The actors Sarah Sherman, left, Cara Pifko, and Gord Rand, forming a human chain, hold hands for almost the entirety of the 80-minutes running time.Cylla von Tiedemann

There hasn't been as gripping a piece of theatre as Abyss on a Toronto stage in a long while.

German playwright Maria Milisavljevic's thriller concerns the disappearance of a 24-year-old woman named Karla Richter – and three friends who set off in search of her.

Gord Rand plays the missing woman's lover, Vlado; Sarah Sherman plays her roommate, Sophia.

And Cara Pifko, in a long overdue return to Tarragon Theatre, is the unnamed narrator; just as her character's name is left a blank, so is her exact relationship with Karla. She is Vlado's roommate and sister to Sophia, but all will be revealed in due course. Well, some will be revealed in due course.

As the days tick by and the police launch a half-hearted search into the disappearance of a woman they dismiss as a "party girl," Vlado – like the other main characters, an immigrant to Germany from the Balkans – launches his own investigation, one that takes the characters deep into the Eastern European underworld of the city they inhabit.

Abyss is a suspenseful yarn, fabulously well acted, but what really astonishes about the production is Richard Rose's deceptively simple staging, choreographed with Nova Bhattacharya – and here's where the play is gripping in a different way.

The three actors hold hands, forming a human chain, for almost the entirety of the 80-minutes running time: Pifko in the centre, Rand on her left, Sherman on her right. This restriction on how the actors can move and communicate gesturally is one that leads to constantly creative movement; it becomes a dance piece as well as a thriller.

Rand and Sherman – who play several characters, each – are particularly impressive navigating the tangled, often changing roles simply by changing how they hold Pifko's hand. When Rand switches from Vlado to a mild-mannered computer programmer named Jan, he simply switches from a confident clasp to a loose, entwining of pinkies with Pifko.

As constantly gorgeous as Abyss is to look at, the unusual staging also works well with the themes of Milisavljevic's play. Pifko's character becomes the rope in a tug-of-war between Sophia, who wants to let the police investigate Karla's disappearance, and the knife-carrying Vlado, who distrusts the cops and knows more than he lets on. Our narrator is literally pulled in both directions.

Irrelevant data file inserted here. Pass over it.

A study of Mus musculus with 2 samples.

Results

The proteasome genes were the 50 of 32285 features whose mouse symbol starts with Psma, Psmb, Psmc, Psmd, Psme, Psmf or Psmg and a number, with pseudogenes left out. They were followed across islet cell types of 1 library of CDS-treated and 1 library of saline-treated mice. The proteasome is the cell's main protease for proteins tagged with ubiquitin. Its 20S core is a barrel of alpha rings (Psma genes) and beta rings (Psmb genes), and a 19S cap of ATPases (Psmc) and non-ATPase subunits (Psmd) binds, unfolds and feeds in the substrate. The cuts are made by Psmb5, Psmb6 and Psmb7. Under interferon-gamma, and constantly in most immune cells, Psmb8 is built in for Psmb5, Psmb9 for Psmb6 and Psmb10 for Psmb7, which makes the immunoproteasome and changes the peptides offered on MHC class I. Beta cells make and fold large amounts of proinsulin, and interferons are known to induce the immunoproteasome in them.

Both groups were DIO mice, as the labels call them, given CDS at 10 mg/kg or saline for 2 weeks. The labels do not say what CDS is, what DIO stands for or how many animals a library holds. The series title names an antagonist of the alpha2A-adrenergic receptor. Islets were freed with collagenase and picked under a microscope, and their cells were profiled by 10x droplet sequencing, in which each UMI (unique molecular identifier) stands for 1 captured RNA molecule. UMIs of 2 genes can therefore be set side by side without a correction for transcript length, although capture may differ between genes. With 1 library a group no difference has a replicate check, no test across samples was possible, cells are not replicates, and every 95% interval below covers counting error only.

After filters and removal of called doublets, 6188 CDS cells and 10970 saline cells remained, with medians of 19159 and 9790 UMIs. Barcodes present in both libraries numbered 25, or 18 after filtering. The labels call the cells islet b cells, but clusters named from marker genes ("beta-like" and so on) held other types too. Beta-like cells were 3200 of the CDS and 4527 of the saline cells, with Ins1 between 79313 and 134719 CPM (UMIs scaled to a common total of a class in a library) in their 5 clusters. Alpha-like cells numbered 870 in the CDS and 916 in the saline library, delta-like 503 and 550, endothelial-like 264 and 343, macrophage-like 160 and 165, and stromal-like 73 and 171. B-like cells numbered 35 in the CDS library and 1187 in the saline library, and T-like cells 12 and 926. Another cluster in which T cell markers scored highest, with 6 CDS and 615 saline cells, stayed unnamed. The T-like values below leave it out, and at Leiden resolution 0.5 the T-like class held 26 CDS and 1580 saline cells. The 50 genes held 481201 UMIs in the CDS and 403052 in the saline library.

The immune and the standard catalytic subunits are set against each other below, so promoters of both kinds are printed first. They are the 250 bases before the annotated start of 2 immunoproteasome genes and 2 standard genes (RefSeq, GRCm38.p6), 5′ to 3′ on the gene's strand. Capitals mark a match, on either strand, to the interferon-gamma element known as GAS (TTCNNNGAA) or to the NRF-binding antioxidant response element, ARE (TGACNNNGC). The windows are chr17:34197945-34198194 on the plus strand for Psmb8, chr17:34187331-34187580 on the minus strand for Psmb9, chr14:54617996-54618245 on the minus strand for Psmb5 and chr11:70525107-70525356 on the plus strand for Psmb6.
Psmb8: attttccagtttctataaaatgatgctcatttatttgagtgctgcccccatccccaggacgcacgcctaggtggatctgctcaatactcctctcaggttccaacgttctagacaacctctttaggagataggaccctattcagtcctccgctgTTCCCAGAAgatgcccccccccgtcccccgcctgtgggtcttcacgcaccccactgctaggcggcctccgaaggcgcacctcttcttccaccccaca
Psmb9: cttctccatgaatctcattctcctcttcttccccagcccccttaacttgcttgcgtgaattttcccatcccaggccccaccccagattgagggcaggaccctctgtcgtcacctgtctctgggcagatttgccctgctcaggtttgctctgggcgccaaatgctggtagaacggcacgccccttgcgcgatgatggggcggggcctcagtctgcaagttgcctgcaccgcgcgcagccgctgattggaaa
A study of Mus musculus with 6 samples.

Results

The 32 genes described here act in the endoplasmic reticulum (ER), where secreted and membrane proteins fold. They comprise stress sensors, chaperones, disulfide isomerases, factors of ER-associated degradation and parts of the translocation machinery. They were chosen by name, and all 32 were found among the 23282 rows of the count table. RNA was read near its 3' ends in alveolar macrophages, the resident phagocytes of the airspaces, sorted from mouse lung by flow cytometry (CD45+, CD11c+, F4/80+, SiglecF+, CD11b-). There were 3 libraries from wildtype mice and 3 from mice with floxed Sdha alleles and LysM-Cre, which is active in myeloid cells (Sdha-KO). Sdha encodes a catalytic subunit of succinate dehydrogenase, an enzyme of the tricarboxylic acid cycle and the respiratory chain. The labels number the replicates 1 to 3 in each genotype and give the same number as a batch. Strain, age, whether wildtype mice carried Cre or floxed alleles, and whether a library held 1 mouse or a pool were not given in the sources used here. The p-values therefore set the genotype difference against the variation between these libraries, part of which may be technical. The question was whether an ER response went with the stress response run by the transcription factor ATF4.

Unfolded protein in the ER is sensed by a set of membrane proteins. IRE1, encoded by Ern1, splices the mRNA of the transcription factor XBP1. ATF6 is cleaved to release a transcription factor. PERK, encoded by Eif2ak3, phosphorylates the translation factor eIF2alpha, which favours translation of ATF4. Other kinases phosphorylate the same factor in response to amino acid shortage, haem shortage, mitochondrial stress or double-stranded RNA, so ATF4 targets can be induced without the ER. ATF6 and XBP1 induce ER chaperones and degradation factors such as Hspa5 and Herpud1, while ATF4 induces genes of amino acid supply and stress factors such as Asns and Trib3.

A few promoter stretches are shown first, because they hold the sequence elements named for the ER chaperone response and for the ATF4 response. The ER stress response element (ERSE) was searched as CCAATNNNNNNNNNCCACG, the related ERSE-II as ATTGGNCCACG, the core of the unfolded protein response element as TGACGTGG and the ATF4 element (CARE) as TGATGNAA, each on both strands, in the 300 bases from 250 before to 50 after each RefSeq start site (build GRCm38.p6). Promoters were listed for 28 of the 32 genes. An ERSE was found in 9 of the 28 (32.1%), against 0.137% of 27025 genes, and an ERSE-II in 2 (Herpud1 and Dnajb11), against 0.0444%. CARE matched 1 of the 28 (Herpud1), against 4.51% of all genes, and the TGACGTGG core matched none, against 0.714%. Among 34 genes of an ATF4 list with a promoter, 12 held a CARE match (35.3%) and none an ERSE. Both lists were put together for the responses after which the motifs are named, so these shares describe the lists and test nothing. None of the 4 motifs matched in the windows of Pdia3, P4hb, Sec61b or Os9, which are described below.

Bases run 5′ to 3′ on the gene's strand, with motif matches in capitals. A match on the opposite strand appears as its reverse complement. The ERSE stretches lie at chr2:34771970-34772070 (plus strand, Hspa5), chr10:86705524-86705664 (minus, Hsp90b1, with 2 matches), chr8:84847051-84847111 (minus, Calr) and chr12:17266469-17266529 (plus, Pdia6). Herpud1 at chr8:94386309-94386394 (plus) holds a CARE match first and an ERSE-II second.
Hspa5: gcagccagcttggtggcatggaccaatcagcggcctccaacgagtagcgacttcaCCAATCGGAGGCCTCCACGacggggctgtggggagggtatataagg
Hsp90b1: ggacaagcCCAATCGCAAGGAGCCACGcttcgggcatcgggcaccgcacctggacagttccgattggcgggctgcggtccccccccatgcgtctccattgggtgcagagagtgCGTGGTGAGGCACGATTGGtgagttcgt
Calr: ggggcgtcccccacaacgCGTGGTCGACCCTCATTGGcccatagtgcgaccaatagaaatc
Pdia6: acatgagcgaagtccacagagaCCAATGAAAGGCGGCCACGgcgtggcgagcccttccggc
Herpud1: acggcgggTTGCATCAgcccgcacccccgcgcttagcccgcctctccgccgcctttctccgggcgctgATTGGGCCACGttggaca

All this takes place on a black platform that hovers in a black abyss. The sculptural lighting, perfectly executed, is by Jason Hand, perfectly named.

Rose's intimate production gets huge impact out of the smallest gestures: The few moments where the actors do let go of each others' hands make you gasp. Who knew there were so many ways to grip?

For over an hour, Milisavljevic – who translated her own play for this English-language premiere – had me in the palm of her hand. But, as with many thrillers, Abyss's plot became hazy in the final minutes.

Spoiler alert: I can't spoil the show.

That is likely the point: Pifko's beautifully sad narrator keeps a lot buried from us – and perhaps from herself, too. Much of Milisavljevic's play is really about what it is to be an immigrant from the Balkans in Germany – and about tragedies that are too painful to be spoken about, details too hard to reveal. "The old ones don't ask questions, because they know: who wants to tell, speaks; who doesn't want to tell, needs it – the silence," the narrator tells us, during a side trip to visit Vlado's father in Croatia.

Nevertheless, for such an otherwise satisfying production, the ending is a trifle unsatisfying. But I suppose I should channel that intense desire to know the truth towards real-life stories of missing and perhaps murdered marginalized women in my own society.